Poster Presentation 36th Lorne Cancer Conference 2024

Decoding Cellular Behaviour and Treatment Challenges at Different Sites of Melanoma Metastasis. (#118)

Veronica Aedo-Lopez 1 2 , Reem Saleh 1 , Xin Du 1 , Dane Vassiliadis 1 , Mark Dawson 1 , Riccardo Dolcetti 1 , Roberta Mazzieri 1 , Davide Moi 1 , Karen E Sheppard 1 , Grant A McArthur 1
  1. Peter MacCallum Cancer Centre, Melbourne, VICTORIA, Australia
  2. Medicine and Dentistry Health Sciences , University of Melbourne, Melbourne, VIC, Australia

Background: Melanoma, a highly metastatic skin cancer, exhibits variations in prognosis and response to therapy based on the affected organ. Patients with liver and brain metastasis have shorter survival compared to those with lung metastasis (1, 2). Additionally, the response to immunotherapy and targeted therapy differs among various organs (3, 4). Melanoma cell plasticity allows phenotype switching with no gain of mutations (5, 6) and both cell plasticity and intra-tumoural melanoma heterogeneity contribute to metastatic dissemination and resistance (5-7). 

Aims: This study aims to analyse cell sub-clones and their transcriptional phenotypes at different metastatic sites and in response to targeted therapy and/or immunotherapy. This will enhance our understanding of melanoma transcriptome behaviours and biological characteristics in diverse metastatic sites.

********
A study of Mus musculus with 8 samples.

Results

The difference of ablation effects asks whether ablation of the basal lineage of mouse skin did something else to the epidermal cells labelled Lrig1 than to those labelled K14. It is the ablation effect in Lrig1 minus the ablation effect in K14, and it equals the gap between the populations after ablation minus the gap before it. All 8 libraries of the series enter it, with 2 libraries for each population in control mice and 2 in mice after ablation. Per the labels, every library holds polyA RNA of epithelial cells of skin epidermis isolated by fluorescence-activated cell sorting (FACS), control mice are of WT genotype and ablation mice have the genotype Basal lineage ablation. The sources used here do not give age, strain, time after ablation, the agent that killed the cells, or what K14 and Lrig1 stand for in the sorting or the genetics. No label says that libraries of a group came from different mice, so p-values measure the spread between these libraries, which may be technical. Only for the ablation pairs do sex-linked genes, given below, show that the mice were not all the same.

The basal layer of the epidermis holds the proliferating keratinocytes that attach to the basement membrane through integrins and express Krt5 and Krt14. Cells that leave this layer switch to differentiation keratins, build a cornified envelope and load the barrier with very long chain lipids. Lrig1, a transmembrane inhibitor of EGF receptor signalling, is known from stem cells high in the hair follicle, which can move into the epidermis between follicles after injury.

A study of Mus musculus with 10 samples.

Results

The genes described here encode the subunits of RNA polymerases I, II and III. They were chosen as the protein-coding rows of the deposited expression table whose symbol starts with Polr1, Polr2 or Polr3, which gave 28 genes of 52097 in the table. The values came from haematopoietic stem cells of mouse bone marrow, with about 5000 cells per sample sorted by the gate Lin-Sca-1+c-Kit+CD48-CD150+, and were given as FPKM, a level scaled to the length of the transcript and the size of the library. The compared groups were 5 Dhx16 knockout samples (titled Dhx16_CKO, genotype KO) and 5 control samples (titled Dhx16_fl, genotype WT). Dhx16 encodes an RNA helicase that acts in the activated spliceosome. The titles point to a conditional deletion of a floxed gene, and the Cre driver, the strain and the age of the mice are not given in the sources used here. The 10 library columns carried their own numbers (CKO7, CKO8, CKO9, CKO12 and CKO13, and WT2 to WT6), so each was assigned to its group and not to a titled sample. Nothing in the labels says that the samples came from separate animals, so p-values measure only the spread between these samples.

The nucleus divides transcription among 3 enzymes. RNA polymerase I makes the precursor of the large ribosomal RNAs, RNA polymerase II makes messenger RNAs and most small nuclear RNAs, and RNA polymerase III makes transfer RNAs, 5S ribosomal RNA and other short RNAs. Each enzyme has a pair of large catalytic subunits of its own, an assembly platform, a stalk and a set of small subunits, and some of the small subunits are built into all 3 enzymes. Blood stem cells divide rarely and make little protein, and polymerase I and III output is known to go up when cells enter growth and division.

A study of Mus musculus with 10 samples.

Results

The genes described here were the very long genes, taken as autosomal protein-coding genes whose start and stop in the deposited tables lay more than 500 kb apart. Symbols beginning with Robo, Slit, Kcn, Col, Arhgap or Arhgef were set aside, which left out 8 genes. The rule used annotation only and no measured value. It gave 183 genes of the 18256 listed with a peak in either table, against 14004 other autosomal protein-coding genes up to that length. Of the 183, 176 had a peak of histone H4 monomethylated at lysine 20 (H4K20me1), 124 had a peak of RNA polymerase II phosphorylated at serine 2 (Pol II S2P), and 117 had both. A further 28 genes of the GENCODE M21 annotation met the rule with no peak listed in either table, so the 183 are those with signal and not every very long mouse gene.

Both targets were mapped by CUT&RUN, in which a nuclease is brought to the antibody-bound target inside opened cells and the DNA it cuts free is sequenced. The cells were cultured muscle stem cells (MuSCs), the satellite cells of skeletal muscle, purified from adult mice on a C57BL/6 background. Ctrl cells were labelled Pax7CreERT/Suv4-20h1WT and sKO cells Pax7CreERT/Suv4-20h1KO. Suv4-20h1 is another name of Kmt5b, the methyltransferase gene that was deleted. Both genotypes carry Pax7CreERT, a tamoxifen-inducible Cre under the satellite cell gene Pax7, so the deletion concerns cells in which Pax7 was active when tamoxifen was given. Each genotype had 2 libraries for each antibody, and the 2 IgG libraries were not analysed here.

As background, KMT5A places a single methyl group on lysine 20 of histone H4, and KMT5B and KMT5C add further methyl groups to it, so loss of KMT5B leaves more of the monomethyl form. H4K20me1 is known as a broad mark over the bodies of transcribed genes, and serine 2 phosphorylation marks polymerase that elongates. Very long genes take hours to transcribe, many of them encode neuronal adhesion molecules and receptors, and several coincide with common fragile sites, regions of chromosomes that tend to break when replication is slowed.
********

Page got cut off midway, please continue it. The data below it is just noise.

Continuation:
Methods:  C57BL/6 mice were injected intravenously with 0.5x106 barcoded YUMMER1.7PV1 GFP+/Luciferase+ to induce experimental metastasis in a syngeneic mouse model. Bioluminescence imaging (BLI) was performed once a week to monitor tumour growth and progression over time. YUMMER1.7PV1 murine melanoma cells are clinically relevant to human melanoma as they harbour genetic mutations in BRAF, PTEN and p16 (8). In addition, these cells have a high somatic mutation burden similar to human melanoma and are responsive to both targeted therapy (BRAF/MEK inhibitors) and immunotherapy. For tracking clones and analysing phenotypes at different metastatic sites, we will use Single-Cell Profiling and LIneage TRacing, SPLINTR, a barcoding technology recently developed, coupled with single cell RNA sequencing (scRNA-seq) to transcriptionally track individual cells overtime (9).

Results: Lung and liver metastases were induced by intravenous tumour cell implantation and were detected by BLI. The presence of barcodes in metastatic lesions have been demonstrated by DNA gel electrophoresis. DNA barcode sequencing for analysing barcodes in different metastatic site is undergoing.

Conclusions: This project will potentially provide new understanding of melanoma cell sub-clones, behaviours and their transcriptional phenotypes at different metastatic sites and in response to therapy.